About 30% of COVID-19 patients developed the condition known as long COVID, UCLA researchers said in a study published in the Journal of General Internal Medicine.
The UCLA researchers studied 1,038 people enrolled in the UCLA COVID Ambulatory Program between April 2020 and February 2021. Researchers found that 309 of them developed long COVID.
A long COVID diagnosis came if a patient answering a questionnaire reported persistent symptoms 60-90 days after they were infected or hospitalized. The most persistent symptoms were fatigue (31%) and shortness of breath (15%) in hospitalized participants. Among outpatients, 16% reported losing sense of smell.
The study’s findings differ from earlier research. The University of California-Davis, for example, estimated that 10% of COVID-19 patients develop long-haul symptoms. A 2021 study from Penn State University found that more than half of worldwide COVID-19 patients would develop long COVID.
Part of the discrepancy can blamed on the fact there is no official, widely accepted definition of long COVID. The CDC has said it means patients who experience “new, returning, or ongoing health problems 4 or more weeks after an initial infection” the coronavirus. The UCLA study, meanwhile, included patients still having symptoms 60 to 90 days after infection.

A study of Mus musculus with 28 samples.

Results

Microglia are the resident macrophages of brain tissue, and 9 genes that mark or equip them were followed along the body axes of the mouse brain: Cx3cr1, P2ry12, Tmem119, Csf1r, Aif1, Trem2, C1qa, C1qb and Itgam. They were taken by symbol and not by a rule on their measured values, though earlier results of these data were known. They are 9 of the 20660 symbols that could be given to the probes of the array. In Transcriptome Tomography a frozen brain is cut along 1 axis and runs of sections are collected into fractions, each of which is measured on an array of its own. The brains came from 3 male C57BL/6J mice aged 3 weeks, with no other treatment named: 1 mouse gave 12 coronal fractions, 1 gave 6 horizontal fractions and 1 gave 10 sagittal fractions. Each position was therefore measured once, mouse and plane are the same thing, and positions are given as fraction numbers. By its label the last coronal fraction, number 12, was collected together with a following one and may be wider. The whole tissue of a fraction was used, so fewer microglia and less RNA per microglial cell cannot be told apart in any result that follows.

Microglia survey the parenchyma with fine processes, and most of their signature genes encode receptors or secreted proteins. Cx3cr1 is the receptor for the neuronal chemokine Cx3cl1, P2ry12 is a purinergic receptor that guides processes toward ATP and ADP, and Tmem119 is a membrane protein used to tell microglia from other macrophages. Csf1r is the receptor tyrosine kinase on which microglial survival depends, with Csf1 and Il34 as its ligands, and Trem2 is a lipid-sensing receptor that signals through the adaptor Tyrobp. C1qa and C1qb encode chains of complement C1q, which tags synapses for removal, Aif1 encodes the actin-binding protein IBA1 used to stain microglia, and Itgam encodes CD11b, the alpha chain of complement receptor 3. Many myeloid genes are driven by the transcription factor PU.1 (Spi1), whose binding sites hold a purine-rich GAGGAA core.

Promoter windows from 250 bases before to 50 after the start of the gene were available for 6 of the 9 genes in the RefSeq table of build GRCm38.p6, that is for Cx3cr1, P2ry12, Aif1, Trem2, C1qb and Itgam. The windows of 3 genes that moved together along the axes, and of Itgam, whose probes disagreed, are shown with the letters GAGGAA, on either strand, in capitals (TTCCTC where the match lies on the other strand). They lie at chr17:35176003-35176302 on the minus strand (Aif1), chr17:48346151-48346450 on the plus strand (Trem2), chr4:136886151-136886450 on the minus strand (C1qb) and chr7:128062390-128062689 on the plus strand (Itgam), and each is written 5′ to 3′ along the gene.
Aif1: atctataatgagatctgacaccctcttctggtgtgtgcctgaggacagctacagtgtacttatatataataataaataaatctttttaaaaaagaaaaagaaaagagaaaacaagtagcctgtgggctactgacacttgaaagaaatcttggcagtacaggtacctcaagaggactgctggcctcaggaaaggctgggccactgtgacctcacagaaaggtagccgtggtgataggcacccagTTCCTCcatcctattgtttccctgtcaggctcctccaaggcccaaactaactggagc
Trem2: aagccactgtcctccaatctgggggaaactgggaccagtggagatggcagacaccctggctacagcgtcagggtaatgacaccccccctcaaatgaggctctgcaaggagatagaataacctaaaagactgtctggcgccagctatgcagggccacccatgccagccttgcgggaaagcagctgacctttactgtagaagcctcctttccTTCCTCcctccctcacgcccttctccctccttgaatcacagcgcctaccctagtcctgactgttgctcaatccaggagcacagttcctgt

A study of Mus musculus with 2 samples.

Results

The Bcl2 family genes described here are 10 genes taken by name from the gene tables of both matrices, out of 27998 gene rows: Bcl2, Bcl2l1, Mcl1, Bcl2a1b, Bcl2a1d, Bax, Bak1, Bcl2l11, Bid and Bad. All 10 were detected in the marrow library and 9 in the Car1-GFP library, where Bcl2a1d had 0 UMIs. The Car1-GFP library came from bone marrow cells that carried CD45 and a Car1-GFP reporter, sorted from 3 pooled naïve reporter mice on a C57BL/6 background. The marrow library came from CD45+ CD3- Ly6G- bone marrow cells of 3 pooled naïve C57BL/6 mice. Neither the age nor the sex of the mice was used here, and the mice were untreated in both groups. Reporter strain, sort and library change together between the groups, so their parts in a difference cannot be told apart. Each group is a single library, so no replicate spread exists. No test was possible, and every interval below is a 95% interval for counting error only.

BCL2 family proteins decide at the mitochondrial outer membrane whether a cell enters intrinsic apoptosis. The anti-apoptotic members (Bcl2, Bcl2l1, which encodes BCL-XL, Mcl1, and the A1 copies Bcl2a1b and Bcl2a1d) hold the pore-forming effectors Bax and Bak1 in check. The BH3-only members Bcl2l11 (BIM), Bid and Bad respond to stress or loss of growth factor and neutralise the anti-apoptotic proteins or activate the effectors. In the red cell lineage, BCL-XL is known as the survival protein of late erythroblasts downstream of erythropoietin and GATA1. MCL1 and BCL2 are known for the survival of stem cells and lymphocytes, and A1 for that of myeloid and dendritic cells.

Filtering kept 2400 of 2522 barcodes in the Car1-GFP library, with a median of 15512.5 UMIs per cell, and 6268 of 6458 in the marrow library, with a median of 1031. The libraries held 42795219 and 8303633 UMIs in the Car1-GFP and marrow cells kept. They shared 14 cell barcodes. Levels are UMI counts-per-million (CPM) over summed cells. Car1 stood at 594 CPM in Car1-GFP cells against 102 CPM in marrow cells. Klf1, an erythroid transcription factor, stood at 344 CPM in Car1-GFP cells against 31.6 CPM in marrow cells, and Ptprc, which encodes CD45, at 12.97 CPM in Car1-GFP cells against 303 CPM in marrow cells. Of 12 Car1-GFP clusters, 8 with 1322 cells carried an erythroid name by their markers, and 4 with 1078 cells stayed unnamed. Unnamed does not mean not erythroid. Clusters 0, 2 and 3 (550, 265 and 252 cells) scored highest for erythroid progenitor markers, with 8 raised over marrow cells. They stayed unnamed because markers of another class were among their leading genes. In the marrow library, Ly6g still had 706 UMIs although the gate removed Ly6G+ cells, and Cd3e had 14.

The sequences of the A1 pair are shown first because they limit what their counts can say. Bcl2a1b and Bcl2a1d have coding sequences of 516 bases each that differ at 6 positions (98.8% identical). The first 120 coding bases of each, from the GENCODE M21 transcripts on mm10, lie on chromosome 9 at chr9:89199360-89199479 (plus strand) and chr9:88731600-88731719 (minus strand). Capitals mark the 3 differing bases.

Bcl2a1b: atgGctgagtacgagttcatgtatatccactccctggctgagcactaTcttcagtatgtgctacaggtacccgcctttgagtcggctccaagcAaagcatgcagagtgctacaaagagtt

Still, the UCLA research team looked at demographics and clinical characteristics in an attempt to develop effective treatments.
People with a history of hospitalization, diabetes, and higher body mass index were most likely to develop long COVID, researchers said. The kind of insurance the patients had also seemed to be a factor, though the researchers didn’t offer a reason why.
“Surprisingly, patients with commercial insurance had double the likelihood of developing [long COVID] compared to patients with Medicaid,” according to the study. “This association will be important to explore further to understand if insurance status in this group is representing unmeasured demographic factors or exposures.”
Older age, and socioeconomic status were not associated with long COVID in the study — a surprise because those characteristics are often linked with severe illness and higher risk of death from COVID-19, UCLA said.
Weaknesses in the study include the subjective nature of how patients rated their symptoms and the limited number of symptoms evaluated, UCLA said.
“This study illustrates the need to follow diverse patient populations … to understand the long COVID disease trajectory and evaluate how individual factors such as pre-existing co-morbidities, sociodemographic factors, vaccination status and virus variant type affect type and persistence of long COVID symptoms,” said Sun Yoo, MD, health sciences assistant clinical professor at the UCLA school of medicine.